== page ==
How extracurricular activities helped me to slay the dragon.

2007 August 30
by Dante

There are many, many valid reasons for practicing the fine art of roleplaying. I think that it is one of the few recreational ventures that you can accomplish via several different paths, or through a process that is uniquely your own.

Quick, come up with something!

When I was in high school, I was on the speech team. I was picked for two of the most disparate types of speech, impromptu speaking and extemporaneous (extemp) speaking. Preparation for the previously unknown topic was short: 4-8 minutes in impromptu and up to 45 minutes for extemp.

Once given the topic, you had to prepare thoughts and deliver the speech in an authoritative way. That usually meant talking out of your hindquarters if you didn’t know much about the topic, or lacked information in your citation box to adequately provide sources for your thoughts. Its a very stressful situation to place yourself in week after week, however it did teach some lessons in preparation and antacid use.

Wow, that sounds kinda boring. How does this apply to roleplaying, Dante?

I’m glad you asked that question. Preparing for roleplay in an impromptu way can help you get out of a roleplaying rut, blaze a new trail, or give your character more depth than you previously thought possible.

Instead of “going with the flow” or spending a lot of time trying to get inside the head of the character you created, try envisioning the situation the character is in and decide what stance they will take in short order.

Next, take a few key points that your player needs to act upon or discuss with the other characters nearby. Be sure to take enough time to relate these key points to your character’s outlook.

The final step in the process is for you (the player) to act on these key points. If you get the DM or another character interacting with you, it is just fine to speak to your personal strengths on behalf of the character.

Get into your characters head just enough to understand his or her motivations in a certain situation, but then use your own strengths and experiences to flesh out the rest. In time, it will become a more comfortable exercise and it will become second nature.

Practice, practice, practice.

You can practice this approach on your own by dreaming up situations that your character is commonly in. It may even help to write down some of these common situations if you’re one of those planner types. I used to use note cards for my speeches, with bulleted lists of my speaking points.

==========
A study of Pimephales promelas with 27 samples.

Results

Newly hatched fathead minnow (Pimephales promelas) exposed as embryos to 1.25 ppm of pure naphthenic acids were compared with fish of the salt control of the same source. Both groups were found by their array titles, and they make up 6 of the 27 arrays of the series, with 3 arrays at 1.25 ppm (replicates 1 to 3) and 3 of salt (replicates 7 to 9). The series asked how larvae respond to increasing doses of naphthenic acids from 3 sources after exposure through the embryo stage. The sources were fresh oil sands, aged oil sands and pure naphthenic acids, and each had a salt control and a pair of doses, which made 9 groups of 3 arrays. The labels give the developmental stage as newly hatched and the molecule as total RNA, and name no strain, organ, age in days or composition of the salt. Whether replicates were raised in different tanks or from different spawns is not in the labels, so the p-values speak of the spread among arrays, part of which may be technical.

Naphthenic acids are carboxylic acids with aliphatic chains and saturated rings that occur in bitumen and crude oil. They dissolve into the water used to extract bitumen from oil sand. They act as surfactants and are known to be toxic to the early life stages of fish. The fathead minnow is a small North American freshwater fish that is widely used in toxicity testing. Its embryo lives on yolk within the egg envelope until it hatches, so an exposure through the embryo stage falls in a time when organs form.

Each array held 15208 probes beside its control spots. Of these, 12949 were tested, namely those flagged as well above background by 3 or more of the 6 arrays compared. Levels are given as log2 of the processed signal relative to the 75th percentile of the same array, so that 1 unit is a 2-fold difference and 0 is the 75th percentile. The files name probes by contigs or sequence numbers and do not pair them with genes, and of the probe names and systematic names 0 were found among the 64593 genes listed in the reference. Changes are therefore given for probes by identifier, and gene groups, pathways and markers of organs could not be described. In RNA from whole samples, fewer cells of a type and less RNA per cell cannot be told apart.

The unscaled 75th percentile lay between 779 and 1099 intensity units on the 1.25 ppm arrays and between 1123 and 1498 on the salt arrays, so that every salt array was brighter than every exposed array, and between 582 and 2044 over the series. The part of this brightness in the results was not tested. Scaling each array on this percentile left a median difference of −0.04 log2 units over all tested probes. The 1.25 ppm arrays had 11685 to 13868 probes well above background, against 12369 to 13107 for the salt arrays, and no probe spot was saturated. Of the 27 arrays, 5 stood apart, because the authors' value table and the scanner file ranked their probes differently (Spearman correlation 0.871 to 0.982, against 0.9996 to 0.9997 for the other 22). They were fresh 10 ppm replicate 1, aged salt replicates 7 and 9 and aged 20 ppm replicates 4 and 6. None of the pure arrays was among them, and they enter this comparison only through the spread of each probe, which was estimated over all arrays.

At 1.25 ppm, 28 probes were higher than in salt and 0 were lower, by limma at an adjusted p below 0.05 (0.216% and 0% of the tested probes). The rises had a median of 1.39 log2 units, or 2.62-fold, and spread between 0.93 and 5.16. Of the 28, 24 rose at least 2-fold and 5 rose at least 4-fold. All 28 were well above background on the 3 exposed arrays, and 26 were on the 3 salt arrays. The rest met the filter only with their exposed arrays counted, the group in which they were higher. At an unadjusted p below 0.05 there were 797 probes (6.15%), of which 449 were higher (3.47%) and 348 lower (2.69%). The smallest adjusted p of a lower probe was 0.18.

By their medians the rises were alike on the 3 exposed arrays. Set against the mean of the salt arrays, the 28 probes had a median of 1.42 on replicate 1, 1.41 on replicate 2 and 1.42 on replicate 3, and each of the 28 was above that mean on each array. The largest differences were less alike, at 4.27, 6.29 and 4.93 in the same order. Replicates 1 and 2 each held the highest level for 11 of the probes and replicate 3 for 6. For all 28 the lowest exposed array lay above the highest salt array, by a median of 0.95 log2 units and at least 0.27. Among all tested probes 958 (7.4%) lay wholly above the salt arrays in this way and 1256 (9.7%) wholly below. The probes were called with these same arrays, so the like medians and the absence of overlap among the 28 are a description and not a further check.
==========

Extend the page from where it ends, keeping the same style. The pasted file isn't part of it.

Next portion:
Do you have a marketing background? Negotiate with the shopkeeper for a better price based on the condition of that ratty old spellbook you want to buy. Politics? Sweet talk that justice into releasing your friend who got caught sharing the gold from someone else’s pouch. It is perfectly fine to superimpose a little (or a lot) of yourself into your character. In fact, it tends to make roleplay situations much more lively since its easy to get passionate about things that you are really passionate about.

Exercise a little discretion by consulting your character sheet as you go. Your 2nd level barbarian with a 9 Wisdom and 10 Intelligence doesn’t get to have an intimate understanding of astrophysics just because you do, but he might know that star right there is always north!

To summarize my point…

By using some of these tips lifted from the world of speech and forensics, you may just be able to craft a more satisfying roleplaying experience without having to spend a lot of time thinking hard about it.

3 Responses leave one →
  1. Phil permalink
    August 31, 2007

    Hey I was a debater for some time and that does help a lot for impromptu DMing.

    I think there are a lot of Real Life (RL) skills that help DMing and a lot of DMing skills help in real life.

    DMing and management are a lot alike.

  2. Yax permalink
    August 31, 2007

    I agree. I think a few minutes before the game – or on the drive to the game – a DM can achieve a lot by mentally reviewing what is planned and adding a 4-8 minutes of impromptu preparation.

  3. kanati permalink
    September 1, 2007

    I find the best gaming sessions are those where you have a few items that you would like to happen… but other than that. Wing it. All the way. Base the night’s gaming on everything the players do and pull it all out of your arse.

    a) it builds your dm’ing skills greatly.

    b) your players don’t think they are running on rails.

    Of course if you are trying to get from point A in your story to point B, you’ll still have to gently steer the players, but doing so without seeming like you are reading from a script goes a long way to promoting the suspension of disbelief factor.